CHESTERFIELD COUNTY, Va. (WRIC) — At a board meeting Wednesday night, an expert hired by Chesterfield County said transforming Southside Speedway into a viable racetrack again could cost up to $15 million.

Martyn Thake, the consultant hired by the county to evaluate the state of the shuttered racetrack, reiterated much of his report’s contents, but also ventured for the first time a guess at the potential price tag for restoring the track to its former glory.

Thake, who said he has evaluated over 100 raceways around the world for safety compliance and track design, said that over the two years the facility has been shuttered, the condition of the track and other buildings has become manifestly unsafe.

“It’s gonna deteriorate,” he added. “It can’t go anywhere but get worse.”

And although he said he didn’t have the necessary expertise to provide a full estimate of the cost to restore the facility, he believed it would be safer and cheaper to rebuild the facility from scratch.

“I would guess that somewhere between $10 and $15 million would get you a new facility,” he said.

Members of the community still haven’t given up hope on a second chance at the raceway, however.
“Is there anything beyond the inside barrier that’s worth saving or can be rehabilitated?” asked Chris Winslow, a Clover Hill District Supervisor.

“I don’t believe so,” Thake replied. “Everything there needs to be addressed.”

“On a scale of 0 to10 — 10 being the best — what would be the condition of utilizing the track as is, versus completely replacing it?” questioned council member Jim Holland.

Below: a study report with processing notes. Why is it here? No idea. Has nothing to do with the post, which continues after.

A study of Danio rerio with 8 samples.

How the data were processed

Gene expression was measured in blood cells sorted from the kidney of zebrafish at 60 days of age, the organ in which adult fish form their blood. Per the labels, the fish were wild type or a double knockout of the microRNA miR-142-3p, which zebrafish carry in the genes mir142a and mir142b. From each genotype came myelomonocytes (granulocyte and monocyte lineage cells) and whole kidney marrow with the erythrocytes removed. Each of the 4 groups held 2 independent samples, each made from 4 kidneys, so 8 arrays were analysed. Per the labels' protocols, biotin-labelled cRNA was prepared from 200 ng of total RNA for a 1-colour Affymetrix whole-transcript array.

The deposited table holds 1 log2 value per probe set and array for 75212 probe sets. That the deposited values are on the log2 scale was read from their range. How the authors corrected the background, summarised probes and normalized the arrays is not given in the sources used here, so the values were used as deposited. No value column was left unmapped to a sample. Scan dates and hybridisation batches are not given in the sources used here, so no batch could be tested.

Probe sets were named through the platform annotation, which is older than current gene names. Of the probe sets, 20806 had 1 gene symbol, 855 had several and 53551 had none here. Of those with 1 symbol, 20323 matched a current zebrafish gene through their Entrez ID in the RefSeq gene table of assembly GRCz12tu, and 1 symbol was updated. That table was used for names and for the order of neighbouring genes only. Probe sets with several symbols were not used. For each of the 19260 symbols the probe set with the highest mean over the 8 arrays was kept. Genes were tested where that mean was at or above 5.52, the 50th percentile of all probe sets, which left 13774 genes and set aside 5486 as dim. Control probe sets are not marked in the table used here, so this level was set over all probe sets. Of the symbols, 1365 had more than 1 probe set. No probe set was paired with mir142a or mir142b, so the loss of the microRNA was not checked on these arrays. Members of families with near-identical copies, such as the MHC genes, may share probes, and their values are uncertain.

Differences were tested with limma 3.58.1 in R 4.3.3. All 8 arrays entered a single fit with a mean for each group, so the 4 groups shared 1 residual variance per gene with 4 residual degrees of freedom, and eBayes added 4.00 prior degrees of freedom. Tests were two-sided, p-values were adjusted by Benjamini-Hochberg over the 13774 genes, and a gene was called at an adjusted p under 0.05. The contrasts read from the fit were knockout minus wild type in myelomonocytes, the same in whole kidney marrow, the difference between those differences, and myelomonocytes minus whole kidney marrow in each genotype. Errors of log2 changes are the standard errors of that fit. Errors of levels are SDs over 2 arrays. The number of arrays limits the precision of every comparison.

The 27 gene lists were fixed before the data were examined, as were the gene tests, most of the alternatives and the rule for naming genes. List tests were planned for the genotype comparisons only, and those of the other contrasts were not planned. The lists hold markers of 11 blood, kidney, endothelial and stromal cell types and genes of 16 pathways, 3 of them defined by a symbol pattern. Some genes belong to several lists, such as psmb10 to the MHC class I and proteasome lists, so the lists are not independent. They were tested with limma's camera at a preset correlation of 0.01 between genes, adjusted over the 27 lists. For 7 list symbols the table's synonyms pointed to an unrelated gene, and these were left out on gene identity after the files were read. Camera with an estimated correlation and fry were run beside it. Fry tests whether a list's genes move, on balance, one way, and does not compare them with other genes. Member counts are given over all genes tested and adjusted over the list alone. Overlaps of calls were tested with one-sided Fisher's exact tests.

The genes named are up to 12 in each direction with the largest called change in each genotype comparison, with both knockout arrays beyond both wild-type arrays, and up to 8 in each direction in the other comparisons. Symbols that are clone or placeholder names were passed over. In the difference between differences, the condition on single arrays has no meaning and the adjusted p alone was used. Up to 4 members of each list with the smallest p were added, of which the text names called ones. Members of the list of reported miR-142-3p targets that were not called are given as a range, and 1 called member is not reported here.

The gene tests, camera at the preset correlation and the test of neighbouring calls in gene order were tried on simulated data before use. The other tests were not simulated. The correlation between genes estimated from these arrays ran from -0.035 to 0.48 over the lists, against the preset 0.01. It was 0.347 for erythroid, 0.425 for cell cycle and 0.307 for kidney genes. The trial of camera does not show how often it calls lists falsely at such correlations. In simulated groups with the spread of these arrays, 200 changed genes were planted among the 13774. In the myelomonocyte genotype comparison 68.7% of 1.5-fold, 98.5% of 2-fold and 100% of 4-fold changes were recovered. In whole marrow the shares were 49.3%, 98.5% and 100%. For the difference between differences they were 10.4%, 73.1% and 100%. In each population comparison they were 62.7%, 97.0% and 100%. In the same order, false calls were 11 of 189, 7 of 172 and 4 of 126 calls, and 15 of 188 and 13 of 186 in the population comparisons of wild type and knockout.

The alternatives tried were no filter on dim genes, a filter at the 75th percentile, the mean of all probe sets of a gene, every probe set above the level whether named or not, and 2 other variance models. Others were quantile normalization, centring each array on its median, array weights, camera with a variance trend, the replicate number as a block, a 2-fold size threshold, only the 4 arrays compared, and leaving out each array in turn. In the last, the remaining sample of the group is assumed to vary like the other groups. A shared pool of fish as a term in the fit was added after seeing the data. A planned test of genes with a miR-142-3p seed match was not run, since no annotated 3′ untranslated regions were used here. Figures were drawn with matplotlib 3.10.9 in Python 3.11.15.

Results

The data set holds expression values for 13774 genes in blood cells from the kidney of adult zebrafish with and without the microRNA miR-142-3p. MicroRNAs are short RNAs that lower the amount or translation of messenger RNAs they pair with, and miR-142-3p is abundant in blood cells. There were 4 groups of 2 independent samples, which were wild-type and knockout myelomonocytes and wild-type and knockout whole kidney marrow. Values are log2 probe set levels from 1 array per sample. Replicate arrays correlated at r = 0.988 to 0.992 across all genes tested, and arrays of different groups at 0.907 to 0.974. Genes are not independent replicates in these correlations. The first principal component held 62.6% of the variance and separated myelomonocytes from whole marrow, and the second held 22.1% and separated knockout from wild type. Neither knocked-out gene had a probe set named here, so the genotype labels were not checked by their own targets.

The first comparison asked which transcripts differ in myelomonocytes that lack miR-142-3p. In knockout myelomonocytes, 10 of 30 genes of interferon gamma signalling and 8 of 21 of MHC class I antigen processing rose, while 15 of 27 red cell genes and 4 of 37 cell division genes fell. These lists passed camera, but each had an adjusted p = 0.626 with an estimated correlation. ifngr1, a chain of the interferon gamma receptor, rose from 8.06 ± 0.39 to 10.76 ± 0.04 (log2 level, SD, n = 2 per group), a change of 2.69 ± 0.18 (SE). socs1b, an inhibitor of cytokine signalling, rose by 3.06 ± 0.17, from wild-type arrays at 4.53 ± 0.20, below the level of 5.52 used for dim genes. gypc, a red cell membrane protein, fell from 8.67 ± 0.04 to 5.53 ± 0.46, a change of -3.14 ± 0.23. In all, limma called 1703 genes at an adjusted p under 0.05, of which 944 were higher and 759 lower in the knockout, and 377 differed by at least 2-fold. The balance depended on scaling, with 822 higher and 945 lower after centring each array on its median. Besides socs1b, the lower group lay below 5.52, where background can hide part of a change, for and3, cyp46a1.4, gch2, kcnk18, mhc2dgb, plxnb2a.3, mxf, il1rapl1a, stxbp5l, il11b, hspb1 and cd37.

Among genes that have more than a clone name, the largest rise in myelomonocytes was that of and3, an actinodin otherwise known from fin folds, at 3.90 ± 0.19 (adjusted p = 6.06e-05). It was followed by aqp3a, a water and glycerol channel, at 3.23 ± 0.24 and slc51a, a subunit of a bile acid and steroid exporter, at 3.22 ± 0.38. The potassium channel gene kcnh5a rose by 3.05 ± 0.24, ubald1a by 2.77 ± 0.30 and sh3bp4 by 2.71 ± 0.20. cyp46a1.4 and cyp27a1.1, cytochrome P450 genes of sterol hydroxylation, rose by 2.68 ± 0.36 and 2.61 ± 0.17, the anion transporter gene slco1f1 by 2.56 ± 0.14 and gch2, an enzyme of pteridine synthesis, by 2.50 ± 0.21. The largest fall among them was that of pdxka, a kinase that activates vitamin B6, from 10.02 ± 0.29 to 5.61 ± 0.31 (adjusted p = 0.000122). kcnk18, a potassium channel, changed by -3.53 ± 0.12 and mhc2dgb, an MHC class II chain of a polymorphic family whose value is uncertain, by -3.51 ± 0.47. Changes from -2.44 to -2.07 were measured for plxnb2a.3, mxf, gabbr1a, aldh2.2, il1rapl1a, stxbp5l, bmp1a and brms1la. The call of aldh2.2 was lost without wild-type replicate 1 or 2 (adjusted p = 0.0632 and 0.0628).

“I don’t think you can use it as is,” Thake said. “Again, two years of neglect have left pretty much every building and structure left on the property– they’re gone. And I’m pretty sure that it’ll cost way more to rebuild than to replace them and that pretty much goes for every structure on this site.”

County Manager Dr. Joe Casey told the board that they were preparing to issue a request for qualifications — the first step in soliciting development proposals — and that they would seek proposals for entertainment venues, “including some for racetracks, hopefully.”

Supervisor Kevin Carroll said he recognized the issues identified in the report, but hoped they could find a way to bring racing back to Chesterfield.

“It’s not lost on me that the track is in poor condition right now,” Carroll said. He added that the track was known as the toughest to drive in the country — and that was part of its appeal.

“Hopefully we’ll have some people from the community that will come forward with a proposal,” he said, in an apparent nod to an “unsolicited proposal” to redevelop the track by a group of Chesterfield residents that failed to persuade the county.